Živković Samardžić secured a victory for B92 at the European Court of Human Rights

by ZS Law

Kruna Savović, Živković Samardžić Technology, Media and Telecommunications Partner and a Head of Media Litigation, led the Živković Samardžić team that has secured a victory for RADIO BROADCASTING COMPANY B92 AD at the European Court of Human Rights.

The case at hand originated in an application against Serbia (no. 67369/16), concerning the TV news broadcast and an online article published in 2011, naming the Assistant Minister of Health at the time, for whom the officers of the Organised Financial Crime Department’s Anti-Corruption Division of the Serbian Criminal Police Directorate, had a reason to suspect, in the pre-trial proceedings regarding the procurement of AH1N1 vaccines in 2009, was involved in the abuses. According to the TV news broadcast and online article published by B92, the name of the Assistant Minister of Health, along with several others, was omitted from the final criminal complaint that was brought against only three persons. Broadcaster based its reporting on a note filed by the officers of the Anti-Corruption Division informing their superiors on the issue.

In 2012, the Assistant Minister of Health instituted proceedings against the broadcaster in the Belgrade High Court, seeking compensation for non-pecuniary damage, publication of the court’s judgment, and removal of the two articles from the broadcaster’s Internet portal. The Assistant Minister submitted, in particular, that it was not true that she had been suspected of abuse of office, or of anything else, nor had she been removed from the alleged list of suspects because of illicit influence. The Belgrade High Court ruled partly in favor of the Assistant Minister and ordered the broadcaster to pay her RSD 200,000 (approximately EUR 1,750) with statutory interest by way of compensation for non-pecuniary damage, and RSD 113,100 (approximately EUR 990) for costs; and to remove one of the articles from its Internet portal. The Belgrade High Court also ordered the editor-in-chief to publish the judgment. The court found that the broadcaster had not used due diligence and so had not discovered the incompleteness of the information in question. Instead, according to the court, the broadcaster had relied on a document that contained operational findings of the police in pre-trial proceedings and as such did not constitute an official document of a relevant State body.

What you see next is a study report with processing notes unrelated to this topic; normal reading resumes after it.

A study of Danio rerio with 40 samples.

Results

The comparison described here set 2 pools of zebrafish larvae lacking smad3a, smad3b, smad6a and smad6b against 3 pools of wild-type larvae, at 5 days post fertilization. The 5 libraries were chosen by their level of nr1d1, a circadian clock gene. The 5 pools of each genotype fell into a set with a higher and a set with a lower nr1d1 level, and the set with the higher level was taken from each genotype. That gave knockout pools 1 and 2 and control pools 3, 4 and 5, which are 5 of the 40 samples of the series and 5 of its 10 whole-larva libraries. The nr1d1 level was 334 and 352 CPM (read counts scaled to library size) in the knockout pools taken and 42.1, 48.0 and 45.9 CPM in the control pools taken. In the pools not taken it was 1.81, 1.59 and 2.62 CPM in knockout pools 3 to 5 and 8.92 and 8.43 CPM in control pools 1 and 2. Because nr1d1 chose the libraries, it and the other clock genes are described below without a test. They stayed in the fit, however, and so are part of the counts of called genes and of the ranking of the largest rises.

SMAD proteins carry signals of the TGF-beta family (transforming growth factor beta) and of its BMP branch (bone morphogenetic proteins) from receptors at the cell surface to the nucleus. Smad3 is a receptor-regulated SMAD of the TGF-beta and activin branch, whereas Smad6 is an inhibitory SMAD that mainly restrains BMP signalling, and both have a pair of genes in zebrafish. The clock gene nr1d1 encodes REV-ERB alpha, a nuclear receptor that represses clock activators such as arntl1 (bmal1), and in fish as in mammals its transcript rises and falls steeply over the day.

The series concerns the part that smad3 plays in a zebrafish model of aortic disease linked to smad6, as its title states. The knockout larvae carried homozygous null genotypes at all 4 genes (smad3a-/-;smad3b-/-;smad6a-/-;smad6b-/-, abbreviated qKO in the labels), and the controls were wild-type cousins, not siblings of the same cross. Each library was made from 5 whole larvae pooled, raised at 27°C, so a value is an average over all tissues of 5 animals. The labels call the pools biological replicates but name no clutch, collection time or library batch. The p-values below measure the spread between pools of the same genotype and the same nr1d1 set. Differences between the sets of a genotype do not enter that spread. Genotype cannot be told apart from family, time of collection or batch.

In 2014, the Belgrade Court of Appeal upheld the first-instance judgment and, in substance, endorsed its reasoning. In 2016, the Constitutional Court dismissed the broadcaster’s constitutional appeal.

In its judgment, the European Court of Human Rights, considered that the domestic courts took a rather limited view when characterizing the suggestion that the names disappeared from the list of suspects because of pressure from the Special Prosecutor on the Ministry of the Interior, as a statement of fact as well, and not as a value judgment for which the official internal note have provided factual basis. The European Court of Human Rights confirmed that even though internal official reports can be an important source for journalists, they cannot release them completely from their obligation to base their publications on sufficient research. However, the Court considered that by attempting to obtain the Assistant Minister’s and the Ministry’s version of events and by publishing the response of the Special Prosecutor’s Office, the broadcaster must be considered to have sought to achieve a balance in its reporting and has complied with its duty of diligence in verifying the authenticity and content of the police note. The Court was satisfied that the applicant company acted in good faith and with the diligence expected of a responsible journalist reporting on a matter of public interest.

The Court emphasized that if the national courts apply an overly rigorous approach to the assessment of journalists’ professional conduct, journalists could be unduly deterred from discharging their function of keeping the public informed. The courts must therefore take into account the likely impact of their rulings not only on the individual cases before them but also on the media in general. Their margin of appreciation is thus circumscribed by the interest of a democratic society in enabling the press to play its vital role in imparting information of serious public concern.

Thus, the European Court of Human Rights unanimously declared that there had been a violation of Article 10 of the Convention and held that the respondent state (Serbia) is to pay the broadcaster EUR 2,740 in respect of pecuniary damage, EUR 2,500 in respect of non-pecuniary damage and EUR 2,400 in respect of costs and expenses.

The original judgment in English language is available here.

You can read how Serbian media commented the judgment here and here.The team acting on behalf of B92 in this case, also included our former associate, Jovan Pjevač.